Thursday, November 11, 2010

San Jose Podcar Conference a Big Flop

The Personal Rapid Transit movement (PRT) that Michele Bachmann once sponsored legislation for and promoted in the media has all but fizzled out. Much-hyped PRT projects at Masdar and Heathrow failed to enter revenue service as per schedule. Cities that expressed "interest" in PRT - Ithaca, NY, Daventry, UK and Winona, MN failed to get funding or public approval for PRT.

With nearly a half century of failure, the PRT guys (rebranded "podcar") met one more time last month in San Jose, CA.

Michael Setty, who wrote an excellent white paper on the Winona pod proposal has this report on the Podcar Conference in San Jose at Public Transit:

The first thing I noticed is that the average age at this conference, held at San Jose City Hall, was over 50, with a very large percentage over 60 years of age and 90%+ male. The second thing was that 20%-25% of the attendees were Swedish; presumably the Swedish government sees a potentially large export market in funding PRT, particularly Vectus and its efforts to establish pilot projects in a few Swedish cities. Third, a large percentage of attendees were clearly either exhibitors or consultants. I’d be surprised if more than 50% of Podcar City attendees were either PRT activists or potential customers, such as the City of San Jose who cosponsored the conference.

The usual suspects in the PRT world were present, such as J. Edward Anderson and the hierarchy of the Advanced Transit Assocation (ATRA), as one would expect.

The first session I caught at the end was about finances and a discussion of the mechanics of fare collection. Afterwards, I had brief conversation with conference organizer, Christer Lindstrom, regarding the many issues with fare collection, such as the cost of enforcement--the issues go well beyond how the money is collected, per se (BTW, Christer, thanks for the free conference pass).

There are things that will increase costs, for example, if turnstiles are installed at every PRT station. Turnstiles add $250,000-$500,000 per station, plus ongoing costs for maintenance, cash collection, security monitoring and so forth. If a PRT system goes with a barrier free system like most LRT systems in the U.S., these costs would be lower, but operating costs for stations would be higher than most PRT advocates claim.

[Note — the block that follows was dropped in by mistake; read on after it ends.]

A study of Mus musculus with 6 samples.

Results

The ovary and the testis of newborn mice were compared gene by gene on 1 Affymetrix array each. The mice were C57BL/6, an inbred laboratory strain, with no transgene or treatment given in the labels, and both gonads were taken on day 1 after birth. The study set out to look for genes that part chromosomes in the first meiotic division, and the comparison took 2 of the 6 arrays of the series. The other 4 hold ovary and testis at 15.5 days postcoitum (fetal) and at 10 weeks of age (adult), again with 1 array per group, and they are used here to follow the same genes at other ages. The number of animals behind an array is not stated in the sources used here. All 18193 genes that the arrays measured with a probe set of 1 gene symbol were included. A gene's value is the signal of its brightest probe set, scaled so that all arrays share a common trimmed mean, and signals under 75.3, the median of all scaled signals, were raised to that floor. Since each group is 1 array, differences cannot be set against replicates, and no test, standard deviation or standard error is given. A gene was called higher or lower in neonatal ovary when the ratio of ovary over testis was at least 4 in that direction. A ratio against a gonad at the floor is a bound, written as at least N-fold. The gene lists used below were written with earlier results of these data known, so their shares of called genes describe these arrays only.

One major point is that most PRT stations would be low volume and very hard to justify the capital and ongoing expense of turnstiles and sporadic fare inspections, at best, would be required to minimize fare evasion.

Irony alert... back in 2005, Bachmann and another PRT supporter Ray Vanderveer tried to kill the Hiawatha LRT with a bill requiring LRT stations to have expensive turnstiles. Vanderveer and Bachmann made a movie that supposedly proved there were a lot of fare scofflaws.

Setty also reports that the so-called Vectus podcar will likely end up becoming an ordinary people-mover. Read the whole thing.

Here are more recent examples PRT fiascos:

The Pawlenty administration wasted at least $150,000 on personal rapid transit .

PRT Conference Newsletter & Website Features PRT Plan by Convicted Felon.

PRT is so not happening at Heathrow.

Daventry says "Pods Off!".

Video: Bill James Pitches Jpods Resolution to Hennepin County.

Federal Funding Nixed for Winona Personal Rapid Transit Project

Minnesota legislators tell pod people not to expect funding from the state at dismal MnDOT "workshop".

Taxi 2000 lobbyist and Bachmann pal Ed Cain also lobbied for the phony U.S. Navy Veterans Association charity.

ULTra PRT Heathrow Debut Postponed a Fourth Time.

No $25 million earmark for PRT pork project in Winona, Minnesota.

The Swedish/Korean PRT prototype malfunctioned recently in front of the media.

The Masdar PRT (actually computer-guided golf carts that follow magnets imbedded in the roadway) has been scaled way back, This setback got a mention in the NY Times and confirmed in this Bloomberg article. and confirmed again in the UAE National: "Commercial electric cars replace transport pods plan".

The so-called Morgantown PRT (it's a mundane people-mover) was the subject of a student newspaper editorial after a malfunction created a "fireball" and filled a vehicle with smoke. The cost of fixing the Morgantown boondoggle is $93 million.